PAWS Reports Snoqualmie Bear's Eyes Possibly Injured by Rocksalt or Rice Shot To Scare Him Away

Male black bear captured in Heights neighborhood of Snoqualmie Ridge on Monday

The 2 1/2 black bear that was captured on Snoqualmie Ridge this week by Department of Fish and Wildlife agents has significant puncture wounds to his eyes, according to PAWS Community Relations Manager, Mark Coleman.

Coleman says PAWS believes the bear’s eyes were injured by either rock salt or rice, which sometimes people load into shot guns to shoot at bears and scare them away.  The bear’s eyes were x-rayed which revealed no foreign objects still embedded in them and no traces of metals or lead were found.

PAWS is bringing in a specialist tomorrow, June 28th,  to determine if the bear’s puncture wounds are repairable.  If the wounds are not repairable the bear will be put down.  According to PAWS, this is one of the “most humane” things they can do for injured animals who cannot be reintroduced  and/or survive in the wild due to their injuries or impairments.  Coleman was slightly hopeful for the bear, explaining that even though his injuries were “significant,” if there was no hope he would have been put down immediately.  Instead, a specialist is being brought in for the final evaluation.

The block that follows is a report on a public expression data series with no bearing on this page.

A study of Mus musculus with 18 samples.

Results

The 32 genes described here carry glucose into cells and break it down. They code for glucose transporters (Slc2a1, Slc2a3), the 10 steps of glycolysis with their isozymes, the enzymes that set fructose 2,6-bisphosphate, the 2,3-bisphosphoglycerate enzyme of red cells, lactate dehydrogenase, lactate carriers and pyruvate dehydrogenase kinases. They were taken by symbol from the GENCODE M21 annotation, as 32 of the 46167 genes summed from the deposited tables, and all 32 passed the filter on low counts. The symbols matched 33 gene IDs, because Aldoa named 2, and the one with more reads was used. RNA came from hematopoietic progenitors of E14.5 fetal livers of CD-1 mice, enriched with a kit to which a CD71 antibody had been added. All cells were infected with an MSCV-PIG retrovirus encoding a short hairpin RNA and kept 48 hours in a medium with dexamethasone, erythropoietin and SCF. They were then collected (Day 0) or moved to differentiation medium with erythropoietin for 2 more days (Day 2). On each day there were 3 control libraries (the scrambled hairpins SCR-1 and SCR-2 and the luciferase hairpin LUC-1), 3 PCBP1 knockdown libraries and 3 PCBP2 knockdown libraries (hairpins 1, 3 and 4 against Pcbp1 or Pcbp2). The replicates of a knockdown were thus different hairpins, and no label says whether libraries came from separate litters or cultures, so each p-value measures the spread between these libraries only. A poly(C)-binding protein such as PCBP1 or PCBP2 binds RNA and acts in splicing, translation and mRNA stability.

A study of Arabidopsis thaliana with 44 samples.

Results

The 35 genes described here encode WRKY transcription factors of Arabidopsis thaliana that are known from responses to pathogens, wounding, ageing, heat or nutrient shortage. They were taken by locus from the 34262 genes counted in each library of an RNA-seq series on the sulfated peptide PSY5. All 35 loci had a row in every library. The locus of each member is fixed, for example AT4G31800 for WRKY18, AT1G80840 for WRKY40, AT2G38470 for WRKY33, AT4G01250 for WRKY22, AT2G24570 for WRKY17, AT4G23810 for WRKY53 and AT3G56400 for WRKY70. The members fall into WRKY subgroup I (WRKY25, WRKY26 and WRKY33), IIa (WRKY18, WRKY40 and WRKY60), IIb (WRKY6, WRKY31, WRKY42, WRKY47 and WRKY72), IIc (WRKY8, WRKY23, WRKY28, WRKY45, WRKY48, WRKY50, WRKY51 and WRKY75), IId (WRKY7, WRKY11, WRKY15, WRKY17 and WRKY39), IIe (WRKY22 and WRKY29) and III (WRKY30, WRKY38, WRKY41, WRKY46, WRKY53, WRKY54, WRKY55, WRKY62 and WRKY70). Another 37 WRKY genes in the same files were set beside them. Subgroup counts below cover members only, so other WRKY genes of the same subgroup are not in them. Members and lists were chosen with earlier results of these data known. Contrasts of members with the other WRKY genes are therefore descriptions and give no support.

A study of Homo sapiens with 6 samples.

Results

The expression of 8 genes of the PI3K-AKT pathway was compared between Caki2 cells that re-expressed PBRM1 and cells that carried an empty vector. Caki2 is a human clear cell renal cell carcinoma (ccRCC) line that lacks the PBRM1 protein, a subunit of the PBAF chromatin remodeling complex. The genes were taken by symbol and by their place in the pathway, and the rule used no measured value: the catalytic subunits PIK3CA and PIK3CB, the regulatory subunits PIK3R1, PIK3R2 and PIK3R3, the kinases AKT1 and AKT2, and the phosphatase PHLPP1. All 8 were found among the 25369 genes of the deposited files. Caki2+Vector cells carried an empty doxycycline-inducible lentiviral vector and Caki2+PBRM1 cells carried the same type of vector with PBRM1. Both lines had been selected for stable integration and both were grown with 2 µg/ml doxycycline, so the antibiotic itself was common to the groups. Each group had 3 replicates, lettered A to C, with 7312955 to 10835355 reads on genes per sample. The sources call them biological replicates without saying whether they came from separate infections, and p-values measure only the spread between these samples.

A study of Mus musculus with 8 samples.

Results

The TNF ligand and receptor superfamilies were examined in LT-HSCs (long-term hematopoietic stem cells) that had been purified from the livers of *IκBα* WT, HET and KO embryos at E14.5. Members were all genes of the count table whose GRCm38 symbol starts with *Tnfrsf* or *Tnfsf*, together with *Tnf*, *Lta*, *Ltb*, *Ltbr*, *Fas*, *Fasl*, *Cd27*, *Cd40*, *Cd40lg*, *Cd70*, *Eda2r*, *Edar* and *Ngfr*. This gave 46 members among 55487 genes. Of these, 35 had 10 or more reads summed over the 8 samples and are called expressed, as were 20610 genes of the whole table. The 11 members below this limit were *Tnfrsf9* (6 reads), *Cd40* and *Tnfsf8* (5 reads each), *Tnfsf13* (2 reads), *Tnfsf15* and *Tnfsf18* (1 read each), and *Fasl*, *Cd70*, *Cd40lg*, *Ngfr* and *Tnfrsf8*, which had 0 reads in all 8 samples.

Coleman said PAWS does have working relationships with area zoos, but in most cases they will not take in injured animals, much of that because of the funding required to deal with the handicapped and injured animals.

There have been 12 bear sightings reported to Snoquamie Police since June 1st.  PAWS says this could be attributed to our area’s late summer.  Some of the bears’ normal food sources haven’t produced their berries yet, which draws bears into neighborhoods looking for alternative food.  As Washington state has done a good job of preserving greenbelts all the way from the mountains to the sound, this also contributes to giving bears a path into neighborhoods across our region.

Colman says PAWS Wildlife Center usually is caring for  5-7 bear cubs at any given time.  The cubs never see a human during their time at PAWS.  This is because the cubs cannot associate humans with food if they are to be reintroduced to the wild and survive.  For more information on PAWS visit their website.

For now the Snoqualmie bear is awake, eating and walking the wildlife run at the PAWS Wildlife Center in Lynnwood.  He was not given a name.  More information on the bear’s future should be known by the end of the week.

Comments

  1. amystachelski says

    do you know what happened with this poor bear?